Bands and a Book Remember the Dawn of Punk

Nov. 27, 2012

Nodine originally planned the event around Dark Façade, his ’80s techno-Goth band. The remnants of Dark Façade regrouped for the first time in a quarter century for The Prosecutors’ show but, as he admits, “no one else in the band wanted to play a second time. I couldn’t get everybody in the same room again to save my life.”

So instead of Dark Façade, Nodine will appear with his new band, Magic Bullets, created in collaboration with Michael Ciaccio of Tense Experts. Magic Bullets will perform garagey favorites by The Seeds, The Velvet Underground and others (but are working on originals for future gigs). Joining them are The Cream City Gypsys, a rock ‘n’ roll quartet featuring David Thomas, Jeff Lauwasser, Mike Farrow, and Laurie Kern, as well as Johnny On Washday with past and present members of the hardcore bands Sacred Order and The Crusties.

The granddaddy on the night’s lineup, Trance & Dance Band, was founded in Amsterdam in 1973 by American expatriate Jerry Fortier, who returned home to Milwaukee in 1975 and continued the band over the years with a morphing cast of players. Before forming The Violent Femmes, Brian Ritchie and Victor DeLorenzo were Trance & Dance’s rhythm section, and during that time, DeLorenzo developed his signature percussion instrument, the tranceaphone. DeLorenzo will return to Trance & Dance for the next several gigs.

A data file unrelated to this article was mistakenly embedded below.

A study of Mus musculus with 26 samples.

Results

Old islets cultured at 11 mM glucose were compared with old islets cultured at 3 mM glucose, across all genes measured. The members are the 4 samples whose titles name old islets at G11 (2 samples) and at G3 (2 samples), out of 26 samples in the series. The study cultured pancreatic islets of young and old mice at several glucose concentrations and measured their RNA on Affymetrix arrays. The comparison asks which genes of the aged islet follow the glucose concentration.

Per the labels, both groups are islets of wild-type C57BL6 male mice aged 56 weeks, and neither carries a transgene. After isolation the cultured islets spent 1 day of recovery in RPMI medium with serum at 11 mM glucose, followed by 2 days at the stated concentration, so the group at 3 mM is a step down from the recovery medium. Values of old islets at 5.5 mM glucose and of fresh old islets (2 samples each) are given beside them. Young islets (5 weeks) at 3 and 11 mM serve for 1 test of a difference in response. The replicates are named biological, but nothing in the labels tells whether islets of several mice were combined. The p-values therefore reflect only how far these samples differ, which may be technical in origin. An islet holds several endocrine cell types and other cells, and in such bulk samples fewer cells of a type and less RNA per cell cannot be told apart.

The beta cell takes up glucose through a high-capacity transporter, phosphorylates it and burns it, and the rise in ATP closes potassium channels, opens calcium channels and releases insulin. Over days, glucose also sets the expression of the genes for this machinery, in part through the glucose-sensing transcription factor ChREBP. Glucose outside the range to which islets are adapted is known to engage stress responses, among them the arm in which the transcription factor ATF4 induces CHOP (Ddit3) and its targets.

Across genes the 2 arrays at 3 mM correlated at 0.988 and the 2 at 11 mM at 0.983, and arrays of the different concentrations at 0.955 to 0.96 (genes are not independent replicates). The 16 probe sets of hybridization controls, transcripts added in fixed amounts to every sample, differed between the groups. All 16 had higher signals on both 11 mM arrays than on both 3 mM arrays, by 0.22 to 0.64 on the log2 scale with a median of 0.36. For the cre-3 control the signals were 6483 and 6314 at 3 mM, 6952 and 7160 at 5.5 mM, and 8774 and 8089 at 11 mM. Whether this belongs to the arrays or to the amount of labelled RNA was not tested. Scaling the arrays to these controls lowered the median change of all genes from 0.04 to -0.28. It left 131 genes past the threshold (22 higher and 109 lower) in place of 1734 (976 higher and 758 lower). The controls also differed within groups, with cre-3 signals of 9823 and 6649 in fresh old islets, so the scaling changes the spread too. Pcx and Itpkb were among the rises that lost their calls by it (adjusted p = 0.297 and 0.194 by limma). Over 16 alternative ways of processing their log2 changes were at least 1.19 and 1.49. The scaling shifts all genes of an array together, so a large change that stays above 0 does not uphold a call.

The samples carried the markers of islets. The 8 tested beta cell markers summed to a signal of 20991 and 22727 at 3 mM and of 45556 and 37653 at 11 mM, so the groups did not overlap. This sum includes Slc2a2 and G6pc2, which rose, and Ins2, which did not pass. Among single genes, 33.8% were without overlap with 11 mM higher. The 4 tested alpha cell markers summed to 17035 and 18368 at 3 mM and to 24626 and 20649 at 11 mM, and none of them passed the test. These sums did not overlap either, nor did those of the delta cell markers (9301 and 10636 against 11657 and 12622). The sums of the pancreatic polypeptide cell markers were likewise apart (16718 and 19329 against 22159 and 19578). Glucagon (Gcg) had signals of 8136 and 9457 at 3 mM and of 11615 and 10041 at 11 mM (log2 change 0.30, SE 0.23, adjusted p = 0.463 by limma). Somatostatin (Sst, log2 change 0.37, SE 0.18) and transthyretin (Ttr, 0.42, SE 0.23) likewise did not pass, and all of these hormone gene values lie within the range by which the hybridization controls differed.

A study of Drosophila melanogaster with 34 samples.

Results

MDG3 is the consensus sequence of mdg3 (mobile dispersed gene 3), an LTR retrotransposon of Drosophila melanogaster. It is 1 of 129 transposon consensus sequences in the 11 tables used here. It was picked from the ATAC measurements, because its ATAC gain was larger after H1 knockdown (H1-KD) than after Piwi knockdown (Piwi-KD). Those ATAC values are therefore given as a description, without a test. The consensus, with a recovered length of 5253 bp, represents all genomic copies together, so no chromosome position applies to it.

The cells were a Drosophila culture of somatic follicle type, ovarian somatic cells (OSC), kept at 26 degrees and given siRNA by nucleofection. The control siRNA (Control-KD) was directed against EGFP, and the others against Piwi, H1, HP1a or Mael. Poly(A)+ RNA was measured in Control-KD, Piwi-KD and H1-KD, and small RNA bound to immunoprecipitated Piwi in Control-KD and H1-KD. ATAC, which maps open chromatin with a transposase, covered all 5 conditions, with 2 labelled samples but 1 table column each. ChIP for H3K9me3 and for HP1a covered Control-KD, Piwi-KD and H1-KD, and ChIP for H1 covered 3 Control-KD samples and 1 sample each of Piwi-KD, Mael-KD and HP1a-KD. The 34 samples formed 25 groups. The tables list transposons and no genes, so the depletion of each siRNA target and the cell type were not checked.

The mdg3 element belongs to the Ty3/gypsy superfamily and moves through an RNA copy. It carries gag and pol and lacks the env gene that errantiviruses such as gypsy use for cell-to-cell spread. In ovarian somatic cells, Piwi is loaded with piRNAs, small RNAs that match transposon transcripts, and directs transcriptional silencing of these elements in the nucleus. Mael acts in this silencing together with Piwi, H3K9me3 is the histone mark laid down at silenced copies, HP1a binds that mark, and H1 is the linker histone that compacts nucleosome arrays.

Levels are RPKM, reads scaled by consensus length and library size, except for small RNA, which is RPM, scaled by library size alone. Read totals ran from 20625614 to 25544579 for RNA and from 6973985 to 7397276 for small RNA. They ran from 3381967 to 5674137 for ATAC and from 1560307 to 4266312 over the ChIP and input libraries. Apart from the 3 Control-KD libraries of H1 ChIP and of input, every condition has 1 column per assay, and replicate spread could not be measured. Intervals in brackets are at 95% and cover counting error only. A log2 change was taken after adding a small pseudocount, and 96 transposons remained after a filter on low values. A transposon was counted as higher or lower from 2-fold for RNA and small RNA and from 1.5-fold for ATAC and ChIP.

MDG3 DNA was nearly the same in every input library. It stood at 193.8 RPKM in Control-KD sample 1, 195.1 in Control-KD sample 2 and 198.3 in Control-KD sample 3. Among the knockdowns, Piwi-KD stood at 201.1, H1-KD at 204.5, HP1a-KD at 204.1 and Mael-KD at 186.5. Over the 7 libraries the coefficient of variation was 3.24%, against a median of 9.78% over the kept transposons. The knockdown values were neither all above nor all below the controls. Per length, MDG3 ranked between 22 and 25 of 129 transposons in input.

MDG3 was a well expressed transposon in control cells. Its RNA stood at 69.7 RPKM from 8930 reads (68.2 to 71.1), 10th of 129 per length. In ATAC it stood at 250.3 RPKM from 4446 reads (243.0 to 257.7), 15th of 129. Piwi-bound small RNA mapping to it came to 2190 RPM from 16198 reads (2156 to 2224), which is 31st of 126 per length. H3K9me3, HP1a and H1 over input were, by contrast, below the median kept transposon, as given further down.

Fortier, who has helped with The Cease is Increase by videotaping Nodine’s interviews, has a background in Milwaukee music going back 50 years. In the mid-’60s he played harmonica with Steve Miller and by decade’s end, became one of the area’s original psychedelic light artists, enveloping everyone from Pink Floyd to Black Sabbath in liquid pools of undulating color. Also active in theater, Fortier lit the Organic Theater’s influential Broadway sci-fi production of Warp (1973) and John Schneider’s Obie-winning A Fierce Longing (1979).

Fortier’s vision for Trance & Dance has remained remarkably consistent.

“I always wanted a Sun Ra kind of thing—with lots of multi-instrumentalists contributing to a trance sound with no planned beginnings or endings,” he explains. “No song ever comes out the same way twice.”

Like many of today’s indie musicians, Fortier pursues music as a creative and social outlet with scant expectations of money or fame. Nodine agrees. “A lot of people put so much of their being into being rock stars and when it doesn’t happen, they lament not making that goal,” he says. “But it doesn’t matter to me now. I’m never going to stop playing.”

The Cease is Increase benefit concert takes place Dec. 1 at Shank Hall. Admission is $10. Tickets are available online at http://www.showclix.com/event/3721530.

Trance & Dance Band will also play a free show at Linneman’s Riverwest Inn on Dec. 15.